Stuart Vevers launched the Spanish luxe brand's first made-to-order service for clothes and bags in Paris this week

On Tuesday, Spanish luxury house Loewe launched its first collections of made-to-measure clothing and bags. Like for other lines, British-born Stuart Vevers, previously creative director of Mulberry, was trusted to add some oomph into a rather grown-up service. The clothes that, as the name indicates, can be customized by the client, were both luxurious and understated: knitwear paired with fur, ostrich leather suits, suede trench coats worn with matching pencil skirts. As for the back, they come in an earth-toned palette, and made an equally daring use of leather. Dazed Digital talked to Stuart Vevers about what real luxury means today.

Dazed Digital: Why is it interesting to do a bespoke service?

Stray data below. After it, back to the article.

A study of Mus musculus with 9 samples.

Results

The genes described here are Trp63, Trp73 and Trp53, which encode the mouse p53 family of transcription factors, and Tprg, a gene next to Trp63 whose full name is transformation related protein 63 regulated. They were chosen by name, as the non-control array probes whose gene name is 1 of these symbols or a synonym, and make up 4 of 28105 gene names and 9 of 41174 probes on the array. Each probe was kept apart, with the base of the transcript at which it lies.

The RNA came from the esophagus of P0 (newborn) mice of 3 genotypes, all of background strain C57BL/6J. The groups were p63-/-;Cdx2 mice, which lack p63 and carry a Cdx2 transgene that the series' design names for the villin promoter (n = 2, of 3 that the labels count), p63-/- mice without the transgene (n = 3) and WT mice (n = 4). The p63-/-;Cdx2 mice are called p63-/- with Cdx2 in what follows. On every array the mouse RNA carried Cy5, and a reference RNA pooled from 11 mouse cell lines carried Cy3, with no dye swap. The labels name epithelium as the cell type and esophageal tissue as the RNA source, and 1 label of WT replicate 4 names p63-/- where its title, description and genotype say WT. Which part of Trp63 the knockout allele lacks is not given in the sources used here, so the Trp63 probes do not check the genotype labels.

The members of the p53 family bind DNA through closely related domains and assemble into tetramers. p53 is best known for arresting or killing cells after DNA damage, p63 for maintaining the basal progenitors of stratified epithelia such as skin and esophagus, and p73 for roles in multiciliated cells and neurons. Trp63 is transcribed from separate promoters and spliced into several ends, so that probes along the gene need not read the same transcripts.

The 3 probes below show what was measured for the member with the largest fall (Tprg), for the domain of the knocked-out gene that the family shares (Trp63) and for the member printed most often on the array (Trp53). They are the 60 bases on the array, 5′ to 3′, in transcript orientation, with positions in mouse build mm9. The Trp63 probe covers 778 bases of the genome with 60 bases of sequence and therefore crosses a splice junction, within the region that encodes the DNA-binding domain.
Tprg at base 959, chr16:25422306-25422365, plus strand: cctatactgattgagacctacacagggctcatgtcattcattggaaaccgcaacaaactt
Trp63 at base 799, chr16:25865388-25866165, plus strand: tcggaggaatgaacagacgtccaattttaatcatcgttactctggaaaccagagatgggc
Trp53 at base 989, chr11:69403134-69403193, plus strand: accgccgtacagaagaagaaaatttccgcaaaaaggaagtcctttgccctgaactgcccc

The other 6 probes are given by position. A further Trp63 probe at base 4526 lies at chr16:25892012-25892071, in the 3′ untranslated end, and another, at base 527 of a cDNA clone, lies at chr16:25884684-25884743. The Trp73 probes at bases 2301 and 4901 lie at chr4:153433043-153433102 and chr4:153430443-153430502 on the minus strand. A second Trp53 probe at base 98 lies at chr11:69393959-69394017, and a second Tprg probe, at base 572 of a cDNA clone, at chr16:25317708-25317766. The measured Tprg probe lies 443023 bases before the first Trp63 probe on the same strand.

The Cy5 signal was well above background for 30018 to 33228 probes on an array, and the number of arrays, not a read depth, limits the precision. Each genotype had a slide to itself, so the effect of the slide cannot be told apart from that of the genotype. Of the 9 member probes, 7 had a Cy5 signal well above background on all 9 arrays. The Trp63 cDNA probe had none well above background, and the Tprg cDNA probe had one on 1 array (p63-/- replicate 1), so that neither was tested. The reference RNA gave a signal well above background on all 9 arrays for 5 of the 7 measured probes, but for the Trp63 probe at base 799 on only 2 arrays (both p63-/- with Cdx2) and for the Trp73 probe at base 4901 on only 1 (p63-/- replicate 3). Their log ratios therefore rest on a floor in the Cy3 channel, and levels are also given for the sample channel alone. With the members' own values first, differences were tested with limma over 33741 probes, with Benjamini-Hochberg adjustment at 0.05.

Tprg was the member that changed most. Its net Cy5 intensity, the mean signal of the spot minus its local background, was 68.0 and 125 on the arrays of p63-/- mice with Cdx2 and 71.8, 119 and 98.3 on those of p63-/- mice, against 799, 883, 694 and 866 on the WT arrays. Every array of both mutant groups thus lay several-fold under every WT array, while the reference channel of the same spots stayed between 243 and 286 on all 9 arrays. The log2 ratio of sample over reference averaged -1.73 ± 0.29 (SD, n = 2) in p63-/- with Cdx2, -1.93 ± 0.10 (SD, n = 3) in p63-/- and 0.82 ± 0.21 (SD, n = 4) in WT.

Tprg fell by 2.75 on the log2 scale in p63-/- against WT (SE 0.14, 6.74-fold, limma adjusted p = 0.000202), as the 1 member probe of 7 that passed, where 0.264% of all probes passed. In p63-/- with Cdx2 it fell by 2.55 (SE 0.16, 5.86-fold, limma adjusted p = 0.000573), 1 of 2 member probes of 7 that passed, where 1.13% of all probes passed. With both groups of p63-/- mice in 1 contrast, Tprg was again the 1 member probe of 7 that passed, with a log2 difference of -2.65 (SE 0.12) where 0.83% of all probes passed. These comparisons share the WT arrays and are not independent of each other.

Stuart Vevers: It’s really about getting the essence of Loewe. All the clothes are made by our own atelier in Barcelona, and it’s the best of what Loewe is. It’s not seasonal, we present it once a year. It’s amazing, star wardrobe pieces, indulgent leather and fur pieces.

DD: At the same time, it’s very simple pieces…
Stuart Vevers: It’s definitely what people come to Loewe for. It’s functional, it’s outerwear, but I hope there is still an element of dream, there is still an amazing colour palette, and that the unique thing about this service.

DD: So the customers can interfere with the designs – is it fun…or a little annoying?
Stuart Vevers: No, it’s not annoying! What’s chosen is between Napa leather and suede, then a colour palette to choose from. The stitch, design, lining is all chosen by the design team. It’s kind of fun really.

DD: What’s the most remarkable aspect of this collection?
Stuart Vevers: It’s new construction; it’s about challenging how the garments are made. For example today, if you make a garment that doesn’t have a lining – it makes it a very complex construction but at the same it makes it lightweight. It makes leather much more modern. Putting fur into a knitted base gives it an ease and a coolness, which is what I wanted to do.